Got migraines? Botox may help


Botox, a neurotoxin protein, is safe and effective in relaxing the muscles of the face, head, and neck, providing a reduction in the symptoms of chronic migraine headaches for three months at a time. The injections enter the nerve endings, blocking the release of chemicals involved in pain transmission to the brain.

According to the International Headache Society, a chronic migraine is a headache that occurs on 15 or more days a month, for more than three months. Migraine sufferers often experience a throbbing or pulsating pain that usually begins on one side of the head. The person also may be sensitive to light, sound, or smell, and experience nausea and/or vomiting.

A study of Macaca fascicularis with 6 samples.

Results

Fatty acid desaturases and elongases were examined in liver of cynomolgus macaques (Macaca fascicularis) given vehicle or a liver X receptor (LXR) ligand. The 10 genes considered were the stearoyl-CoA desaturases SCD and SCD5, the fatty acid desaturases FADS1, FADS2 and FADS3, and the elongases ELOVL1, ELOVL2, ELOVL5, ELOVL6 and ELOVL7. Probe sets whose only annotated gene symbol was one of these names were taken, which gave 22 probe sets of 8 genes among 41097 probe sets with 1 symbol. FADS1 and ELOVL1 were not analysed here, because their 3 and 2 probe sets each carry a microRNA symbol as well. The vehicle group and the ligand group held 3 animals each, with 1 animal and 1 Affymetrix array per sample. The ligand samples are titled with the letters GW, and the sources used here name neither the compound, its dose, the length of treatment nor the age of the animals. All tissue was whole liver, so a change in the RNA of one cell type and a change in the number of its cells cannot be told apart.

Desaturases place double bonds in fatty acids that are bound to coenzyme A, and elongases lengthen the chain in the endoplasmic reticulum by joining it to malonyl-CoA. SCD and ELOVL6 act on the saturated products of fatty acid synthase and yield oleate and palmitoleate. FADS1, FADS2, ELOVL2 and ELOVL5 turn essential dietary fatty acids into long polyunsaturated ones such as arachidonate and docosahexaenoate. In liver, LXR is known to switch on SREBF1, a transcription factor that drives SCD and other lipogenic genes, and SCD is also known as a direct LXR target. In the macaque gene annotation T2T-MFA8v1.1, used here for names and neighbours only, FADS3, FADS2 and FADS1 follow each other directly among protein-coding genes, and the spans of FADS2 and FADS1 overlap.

Approximately 39 million Americans live with migraine, according to the American Migraine Foundation. Women are roughly three times more likely to experience them than men. The Federal Drug Administration approved the use of Botox for chronic migraines in adults in 2010.

Candidates for Botox treatments include people who experience more than 15 “headache days” a month, eight of which are migraines, and who have not had success with at least one prescription medicine. A treatment takes about 15 minutes to complete and involves several injections with a very small needle. A second treatment is given 12 weeks later.

Depending on individual results, treatments may continue every 12 weeks thereafter. Injections may be given in the forehead, temples, and the back of the head and neck. Sometimes the specialist will inject areas called “trigger points” where the headache pain originates.

Headache symptoms typically start to decrease about two weeks after the first treatment. Typical results include a 50 percent decrease in headache severity and headache days after two rounds of Botox treatment.

Botox treatments for migraines are available at Horizon Health’s Paris location, as well as at its Sycamore Pain & Wellness clinic in Terre Haute.